Slowly, live music, in front of live audiences, is beginning to return. In Denmark, critic Andrew Mellor jubilantly announced two weeks ago his first post-lockdown concert, and last night he watched the Royal Danish Opera give its first concert with orchestra, chorus and audience in three months.
Perhaps inevitably, given the stakes, the event itself was a slight letdown. Mellor reports on ‘Business Class conditions’ in the auditorium, with alternate seats sealed off, but a lightweight programme and an (understandably) uncertain atmosphere:
It was a privilege to be here, with better sightlines and more elbow room than ever (and easy, too, in a spacious modern opera house where social distancing in the foyers was a habit long before Covid). But the event itself felt strangely disorientating: was it a celebration? Was it a commemoration? Was it a hesitant emergence or a triumphant return?
This is something we will all need to guard against in ways both big and small: so long-imagined, unlocking lockdown is bound to disappoint. There will be no Covid-VE Day, no street parties. Just lots of gradual, individual adjustments. Mellor is right to observe the difficulty of accurately finding meaning in events during lockdown’s long tail, after meaning seemed to flow abundantly from every action during lockdown itself. After clarity, drift?
Nevertheless, it is exciting to see such events beginning to return. And context will always affect how we hear music. For those keen to seek out that new semantic territory through new music, from next Monday (15 June), Ensemble Musikfabrik will begin performing socially distanced ‘concert miniatures’ to tiny audiences of twelve at a time twice a day (17:30 and 19:00) on Mondays and Thursdays throughout the summer.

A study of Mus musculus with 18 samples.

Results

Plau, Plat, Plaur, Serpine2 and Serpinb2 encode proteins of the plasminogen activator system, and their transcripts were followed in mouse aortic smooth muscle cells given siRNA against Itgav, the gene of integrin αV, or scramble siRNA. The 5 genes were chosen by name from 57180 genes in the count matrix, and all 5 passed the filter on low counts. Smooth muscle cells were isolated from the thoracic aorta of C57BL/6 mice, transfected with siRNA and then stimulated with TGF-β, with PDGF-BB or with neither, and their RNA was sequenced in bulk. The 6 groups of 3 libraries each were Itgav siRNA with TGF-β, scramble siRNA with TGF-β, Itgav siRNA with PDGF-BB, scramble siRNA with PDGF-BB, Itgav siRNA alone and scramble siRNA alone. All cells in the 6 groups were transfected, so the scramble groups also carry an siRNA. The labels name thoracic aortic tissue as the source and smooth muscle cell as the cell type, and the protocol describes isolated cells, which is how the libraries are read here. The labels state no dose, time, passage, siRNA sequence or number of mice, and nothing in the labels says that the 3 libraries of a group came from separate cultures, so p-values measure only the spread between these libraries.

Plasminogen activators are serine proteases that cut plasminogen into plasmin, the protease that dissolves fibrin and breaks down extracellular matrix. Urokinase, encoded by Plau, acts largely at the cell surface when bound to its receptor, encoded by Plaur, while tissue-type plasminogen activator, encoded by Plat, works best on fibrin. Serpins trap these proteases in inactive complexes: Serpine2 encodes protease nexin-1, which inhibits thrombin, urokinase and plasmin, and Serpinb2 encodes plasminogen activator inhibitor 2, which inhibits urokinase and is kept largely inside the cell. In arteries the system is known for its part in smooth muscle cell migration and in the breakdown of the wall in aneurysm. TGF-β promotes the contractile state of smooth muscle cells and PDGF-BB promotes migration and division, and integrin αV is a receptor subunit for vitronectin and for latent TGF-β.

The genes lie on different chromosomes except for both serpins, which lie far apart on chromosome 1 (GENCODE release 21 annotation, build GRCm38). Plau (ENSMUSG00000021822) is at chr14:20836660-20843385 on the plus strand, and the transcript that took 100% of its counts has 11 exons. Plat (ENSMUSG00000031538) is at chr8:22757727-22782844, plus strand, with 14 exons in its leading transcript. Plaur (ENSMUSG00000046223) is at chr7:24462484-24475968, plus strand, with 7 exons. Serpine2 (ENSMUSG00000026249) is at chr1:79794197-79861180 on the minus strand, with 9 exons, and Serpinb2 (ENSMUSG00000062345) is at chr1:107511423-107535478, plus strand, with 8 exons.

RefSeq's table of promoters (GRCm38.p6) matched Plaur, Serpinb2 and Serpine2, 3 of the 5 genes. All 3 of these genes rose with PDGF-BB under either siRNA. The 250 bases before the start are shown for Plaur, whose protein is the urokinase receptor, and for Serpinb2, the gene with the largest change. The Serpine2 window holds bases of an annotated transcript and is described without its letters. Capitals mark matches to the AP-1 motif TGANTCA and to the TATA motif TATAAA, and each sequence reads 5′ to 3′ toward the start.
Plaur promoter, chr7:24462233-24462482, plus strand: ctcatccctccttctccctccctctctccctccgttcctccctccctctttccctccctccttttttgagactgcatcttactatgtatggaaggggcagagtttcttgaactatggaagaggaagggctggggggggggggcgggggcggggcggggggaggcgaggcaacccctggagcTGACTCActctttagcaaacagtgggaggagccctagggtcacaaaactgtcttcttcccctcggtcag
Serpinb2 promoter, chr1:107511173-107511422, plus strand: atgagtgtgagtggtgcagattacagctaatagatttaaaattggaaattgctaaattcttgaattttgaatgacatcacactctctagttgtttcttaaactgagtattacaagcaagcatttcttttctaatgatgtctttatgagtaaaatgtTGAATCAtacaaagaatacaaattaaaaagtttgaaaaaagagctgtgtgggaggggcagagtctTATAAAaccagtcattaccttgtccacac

Full details (including booking details and hygiene protocol) may be found on the Musikfabrik website. The programme for the first concerts will be:
Mikel Urquiza: Alfabet (2018–19) for soprano, trumpet, clarinet and percussion
Steffen Krebber: Amphiference (2019) for drumset, minimoog and two loudspeakers
Karlheinz Stockhausen: KONTAKTE (1958-1960) for piano, percussion and tape
Sarah Maria Sun, soprano
Marco Blaauw, trumpet
Carl Rosman, clarinet
Dirk Rothbrust, percussion
Benjamin Kobler, piano
Ulrich Löffler, minimoog
Kathinka Pasveer, sound direction (Stockhausen)
Steffen Krebber, sound direction (Krebber)
As countries ease out of lockdown at different times and with different Covid legacies, many different approaches to live music will emerge. As Mellor reports, Scandinavian countries have been able to maintain quite a lot of live music: last week the Iceland Symphony Orchestra played to a live audience with little social distancing; orchestras have played in Norway and Finland; and in Sweden they hardly stopped at all. Such events seem some way off for the UK, but we will be looking on with envy and interest.